Social worker Chris Muldowney and film professor Christopher Llewellyn Reed have found a way to translate their love of movies into, among other things, groceries, fire insurance, hearing aids, a mattress, a new window, the vet bill for a beloved cat and flowers for a 100th birthday.
Their monthly donation-only film series in Baltimore has generated more than $35,000 since 2005 to help needy seniors who might otherwise wait two years for an official helping hand.
Muldowney manages elder case workers for Family and Children's Services of Central Maryland, a private nonprofit that has, since 1849, helped needy families, children and seniors. Her workday often consists of visiting seniors and documenting their needs, knowing it could be months or years before there is money to help them.
The agency's "Adopt A Senior" program produces a spike in giving at
So when the second of a charming pair of sisters who had been clients died and left the agency a modest $600, Muldowney tried to think of a way to make it last.
"Miss Anne died on Christmas Eve, and I went out on Christmas Day to be with Miss Eleanor," Muldowney says of the Donovan sisters, who lived in a small apartment near the
"She must have remembered that because when she died she asked her church to make sure the money got to me."
Among the items the sisters left behind was an autographed photo of silent movie star
"I thought that they must have loved movies," said Muldowney, and she thought that a film series might be a way to honor their gift and multiply those dollars. She named it the Donovan Fund in the sisters' memory.
"Most of the movies are mine, or we rent them," she said. "We don't have any rights or a license or anything, so all we do is ask for a donation."
The series started in 2005, showing films every month in a makeshift screening room on
"People come for Chris," said Muldowney. "He has a following. He brings energy and a level of understanding. Otherwise they could just watch the movie themselves."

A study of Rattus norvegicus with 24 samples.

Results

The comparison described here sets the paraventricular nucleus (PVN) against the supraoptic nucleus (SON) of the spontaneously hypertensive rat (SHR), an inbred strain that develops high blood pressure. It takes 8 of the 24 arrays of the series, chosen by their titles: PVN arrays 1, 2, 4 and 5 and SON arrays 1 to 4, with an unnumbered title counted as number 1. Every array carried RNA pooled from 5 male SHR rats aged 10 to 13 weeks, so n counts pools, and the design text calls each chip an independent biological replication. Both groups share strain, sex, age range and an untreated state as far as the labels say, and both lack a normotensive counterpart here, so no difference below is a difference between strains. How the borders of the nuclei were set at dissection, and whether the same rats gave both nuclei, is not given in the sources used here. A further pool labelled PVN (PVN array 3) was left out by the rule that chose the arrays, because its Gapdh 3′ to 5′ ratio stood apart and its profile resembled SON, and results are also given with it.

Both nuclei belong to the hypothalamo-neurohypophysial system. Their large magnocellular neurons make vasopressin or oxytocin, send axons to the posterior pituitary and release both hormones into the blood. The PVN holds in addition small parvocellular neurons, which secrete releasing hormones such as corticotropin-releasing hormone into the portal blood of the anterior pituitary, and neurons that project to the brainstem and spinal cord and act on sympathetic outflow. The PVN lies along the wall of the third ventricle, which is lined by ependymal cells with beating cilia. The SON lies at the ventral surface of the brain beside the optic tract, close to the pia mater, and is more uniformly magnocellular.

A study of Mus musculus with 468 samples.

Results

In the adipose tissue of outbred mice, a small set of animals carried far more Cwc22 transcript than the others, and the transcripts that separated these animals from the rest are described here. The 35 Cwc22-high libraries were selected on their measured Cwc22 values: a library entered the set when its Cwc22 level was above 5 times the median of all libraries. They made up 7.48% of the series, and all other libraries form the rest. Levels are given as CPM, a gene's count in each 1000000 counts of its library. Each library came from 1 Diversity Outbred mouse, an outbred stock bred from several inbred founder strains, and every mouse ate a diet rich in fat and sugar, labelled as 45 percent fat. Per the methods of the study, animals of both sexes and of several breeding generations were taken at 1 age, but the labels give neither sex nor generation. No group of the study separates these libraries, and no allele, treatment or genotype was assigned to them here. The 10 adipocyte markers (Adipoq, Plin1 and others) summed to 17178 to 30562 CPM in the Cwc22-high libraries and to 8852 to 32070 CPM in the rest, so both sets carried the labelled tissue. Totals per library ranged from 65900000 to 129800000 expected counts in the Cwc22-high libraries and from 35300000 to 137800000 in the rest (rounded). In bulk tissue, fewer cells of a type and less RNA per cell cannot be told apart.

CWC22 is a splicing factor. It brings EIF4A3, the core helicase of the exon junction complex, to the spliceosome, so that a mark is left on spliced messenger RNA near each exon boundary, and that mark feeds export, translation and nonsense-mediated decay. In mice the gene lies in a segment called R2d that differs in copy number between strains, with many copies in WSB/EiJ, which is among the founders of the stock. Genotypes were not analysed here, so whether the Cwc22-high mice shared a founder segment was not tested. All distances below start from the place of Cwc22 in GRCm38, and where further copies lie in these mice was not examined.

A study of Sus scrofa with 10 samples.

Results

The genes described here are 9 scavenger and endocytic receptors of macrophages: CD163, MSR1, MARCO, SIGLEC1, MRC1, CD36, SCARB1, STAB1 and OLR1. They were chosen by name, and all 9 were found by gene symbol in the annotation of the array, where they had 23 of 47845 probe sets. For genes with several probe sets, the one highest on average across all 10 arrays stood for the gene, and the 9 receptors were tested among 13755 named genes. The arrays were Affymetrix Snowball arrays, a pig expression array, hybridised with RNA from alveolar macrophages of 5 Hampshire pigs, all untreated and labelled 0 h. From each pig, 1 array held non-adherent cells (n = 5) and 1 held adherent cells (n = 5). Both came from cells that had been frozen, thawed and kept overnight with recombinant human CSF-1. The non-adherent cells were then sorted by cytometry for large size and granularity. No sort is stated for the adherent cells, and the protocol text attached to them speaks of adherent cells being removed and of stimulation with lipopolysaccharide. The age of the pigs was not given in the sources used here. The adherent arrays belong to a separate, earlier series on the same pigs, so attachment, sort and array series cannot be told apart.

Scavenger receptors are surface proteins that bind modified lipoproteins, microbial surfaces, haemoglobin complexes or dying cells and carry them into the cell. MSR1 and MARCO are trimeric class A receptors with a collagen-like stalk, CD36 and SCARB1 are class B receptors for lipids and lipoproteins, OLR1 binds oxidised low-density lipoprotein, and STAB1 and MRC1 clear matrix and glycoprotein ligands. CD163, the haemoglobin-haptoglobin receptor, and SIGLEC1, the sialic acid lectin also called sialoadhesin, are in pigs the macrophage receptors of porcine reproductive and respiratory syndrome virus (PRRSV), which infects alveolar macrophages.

"The Donovan Fund is why I do it," said Reed, who is now chair of the film and video department at Stevenson. "On weekends, I don't necessarily feel like doing something that I do every day. But this is a relatively easy way to do something in this life that has a higher purpose."
The films are shown above the Chop Shop in the 4000 block of Harford Road, with a seating capacity of about 20. The suggested donation is $10. But the number of attendees is dwindling and so is the money collected, and the future of the film series is in doubt.
Muldowney understands. People are working harder, their weekends are more precious and they fill up fast.
"Sometimes there are as few as six people," said Muldowney. "And sometimes, we have to turn people away and we make a couple of hundred dollars, and that's why I keep plugging."
Presently, the Donovan Fund is chiseling away at a $4,000 bill to provide heat for an elderly woman in Canton whose house has none. The house has to be rewired, to boot. The financial help has allowed her to take on a project that would otherwise be impossibly expensive, even with the donations of a contractor.
"It has been a really positive experience," said Muldowney.
January is the birth month of
"There is this wonderful scene where Cary Grant is mugging and carrying on, doing a kind of charades. … And that's all I am going to say right now."
The Donovan Fund Film Series continues at 7 p.m. Saturday, Jan. 21, with a screening of "Arsenic and Old Lace," directed by Frank Capra and starring Cary Grant. It will be held above the Chop Shop, 4321 Harford Road. Suggested donation is $10. A discussion with Stevenson University film department chair Christopher Llewellyn Reed will follow the screening. For a listing of future movies, visit fcsmd.org/events/donovan.htm. Contributions to the Donovan Fund can be mailed to: Donovan Fund, c/o Chris Muldowney, Family and Children's Services of Central Maryland, 4623 Falls Road, Baltimore 21209. The fund benefits seniors in Baltimore City.